TRNGs are better than cryptographic algorithms that generate pseudo-random numbers (PRNGs) because these algorithms are more energy intensive than TRNGs
Random number generation in IoT devices is necessary and challenging, with many proposed solutions. However, any modern computing system (including IoT devices) will have some kind of TRNG if they need random numbers. Albeit, the minimum entropy (also discussed here) that can be extracted from each type of random event, in any set amount of time, may vary widely between each. TRNGs on their own are typically not suitable for many cryptographic uses, because the trueness(0)(1) of their randomness does not imply the non-bias uniformity of their outputs. This non-uniformity may be of particular issue when translating from a measurement domain (for instance $\mathbb R$) to the domain of requested randomness (usually, but not limited to, $\subset \mathbb N_0$).
The approach is almost always to use both TRNGs, to sample randomness, and PRNGs, to mix new randomness with stored randomness into unique, unguessable, uniform(2) and statistically independent(3) outputs. In such a system, which is well-designed and implemented, having access to any number of outputs should not help in guessing past or future outputs. If a system is only using a TRNG with no kind of PRNG, I would be highly suspect, even if the TRNG is shown to be less energy intensive.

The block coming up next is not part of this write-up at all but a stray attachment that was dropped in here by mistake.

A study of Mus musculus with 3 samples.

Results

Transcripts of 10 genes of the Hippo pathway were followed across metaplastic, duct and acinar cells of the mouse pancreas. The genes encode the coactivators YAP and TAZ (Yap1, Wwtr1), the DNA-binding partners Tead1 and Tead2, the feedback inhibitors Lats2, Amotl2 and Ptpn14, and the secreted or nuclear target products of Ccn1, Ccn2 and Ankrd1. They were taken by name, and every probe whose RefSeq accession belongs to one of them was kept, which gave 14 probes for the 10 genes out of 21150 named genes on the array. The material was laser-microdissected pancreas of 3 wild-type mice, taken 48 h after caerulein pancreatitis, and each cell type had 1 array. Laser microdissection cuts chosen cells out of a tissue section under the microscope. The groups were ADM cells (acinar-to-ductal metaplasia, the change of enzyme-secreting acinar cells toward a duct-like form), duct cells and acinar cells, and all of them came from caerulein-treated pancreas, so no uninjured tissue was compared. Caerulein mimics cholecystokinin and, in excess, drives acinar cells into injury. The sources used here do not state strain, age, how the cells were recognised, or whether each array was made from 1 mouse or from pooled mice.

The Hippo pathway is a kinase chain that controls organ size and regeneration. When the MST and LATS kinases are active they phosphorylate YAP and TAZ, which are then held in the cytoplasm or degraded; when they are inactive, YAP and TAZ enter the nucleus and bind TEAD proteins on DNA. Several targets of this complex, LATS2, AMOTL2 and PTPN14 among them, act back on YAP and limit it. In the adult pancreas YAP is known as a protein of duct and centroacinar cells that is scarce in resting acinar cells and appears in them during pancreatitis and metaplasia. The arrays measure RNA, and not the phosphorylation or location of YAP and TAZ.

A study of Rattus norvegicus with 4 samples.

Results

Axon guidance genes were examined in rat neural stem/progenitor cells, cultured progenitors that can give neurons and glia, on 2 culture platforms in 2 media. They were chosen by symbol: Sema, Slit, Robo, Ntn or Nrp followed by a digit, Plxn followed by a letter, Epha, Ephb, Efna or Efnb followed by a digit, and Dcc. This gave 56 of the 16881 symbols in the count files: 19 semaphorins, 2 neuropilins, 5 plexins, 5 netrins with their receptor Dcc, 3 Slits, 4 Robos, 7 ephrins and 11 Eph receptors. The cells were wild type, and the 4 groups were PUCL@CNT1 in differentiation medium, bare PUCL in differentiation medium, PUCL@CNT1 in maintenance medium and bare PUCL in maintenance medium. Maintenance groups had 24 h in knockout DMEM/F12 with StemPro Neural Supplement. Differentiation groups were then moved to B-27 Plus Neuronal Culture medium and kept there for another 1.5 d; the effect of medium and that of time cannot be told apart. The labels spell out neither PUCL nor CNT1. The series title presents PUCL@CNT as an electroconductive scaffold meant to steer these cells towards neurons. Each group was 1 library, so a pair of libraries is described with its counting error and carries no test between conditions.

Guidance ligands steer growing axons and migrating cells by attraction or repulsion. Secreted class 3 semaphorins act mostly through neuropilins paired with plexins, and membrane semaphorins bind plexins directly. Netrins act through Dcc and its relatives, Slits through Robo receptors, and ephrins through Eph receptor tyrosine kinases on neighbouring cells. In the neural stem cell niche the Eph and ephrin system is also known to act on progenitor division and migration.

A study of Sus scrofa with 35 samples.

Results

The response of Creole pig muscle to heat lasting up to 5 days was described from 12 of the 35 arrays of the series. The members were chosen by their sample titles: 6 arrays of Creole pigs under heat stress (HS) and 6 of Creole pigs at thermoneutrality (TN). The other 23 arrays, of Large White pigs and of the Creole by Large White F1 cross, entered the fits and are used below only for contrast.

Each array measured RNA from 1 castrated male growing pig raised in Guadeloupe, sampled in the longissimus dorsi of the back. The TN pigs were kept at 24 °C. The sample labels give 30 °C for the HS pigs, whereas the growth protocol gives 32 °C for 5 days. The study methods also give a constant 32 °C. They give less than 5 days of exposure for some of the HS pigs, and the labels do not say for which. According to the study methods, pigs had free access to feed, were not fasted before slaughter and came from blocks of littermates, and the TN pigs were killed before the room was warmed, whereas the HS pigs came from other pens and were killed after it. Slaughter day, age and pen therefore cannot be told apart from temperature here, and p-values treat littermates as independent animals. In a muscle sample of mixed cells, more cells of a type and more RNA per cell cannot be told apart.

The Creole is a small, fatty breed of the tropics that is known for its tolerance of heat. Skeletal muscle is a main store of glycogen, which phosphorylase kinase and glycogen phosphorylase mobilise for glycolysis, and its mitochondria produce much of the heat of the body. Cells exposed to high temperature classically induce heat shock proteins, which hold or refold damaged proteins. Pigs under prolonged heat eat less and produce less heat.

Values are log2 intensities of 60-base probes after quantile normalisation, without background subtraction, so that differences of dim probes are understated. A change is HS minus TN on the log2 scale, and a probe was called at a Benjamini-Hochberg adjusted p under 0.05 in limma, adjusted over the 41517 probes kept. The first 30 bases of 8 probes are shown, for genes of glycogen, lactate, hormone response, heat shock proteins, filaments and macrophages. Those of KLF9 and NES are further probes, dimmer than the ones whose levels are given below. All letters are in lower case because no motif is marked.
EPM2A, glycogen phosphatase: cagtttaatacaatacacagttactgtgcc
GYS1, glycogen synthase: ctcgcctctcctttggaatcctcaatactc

Would there be any benefit to using TRNGs in those? If we don't use TRNGs in them, why is that?
We do, and they are very useful, as explained above.
And if we do, which ones are the gold standard?
There are many great sources of true randomness. But any one of them may fail, or otherwise be insufficient due to speed of generation, quality or unavailability (malicious or incidental). The standard(4) is to use collections of TRNGs together to minimize the chance of catastrophic failure.
Fig. 1 | Illustration of a typical entropy life-cycle management system.
It's generally accepted that the faster, more uniformly distributed, more entropic and more efficient, the better. But the point of using PRNGs and TRNGs together, perhaps to create a CSPRNG, is that: Once enough initial randomness has been acquired, speed, uniformity and entropy can be gained by continuously seeding the pools with even rather low-quality TRNGs, and then extracting outputs using an efficient PRNG, such as a light-weight symmetric cipher or hash function.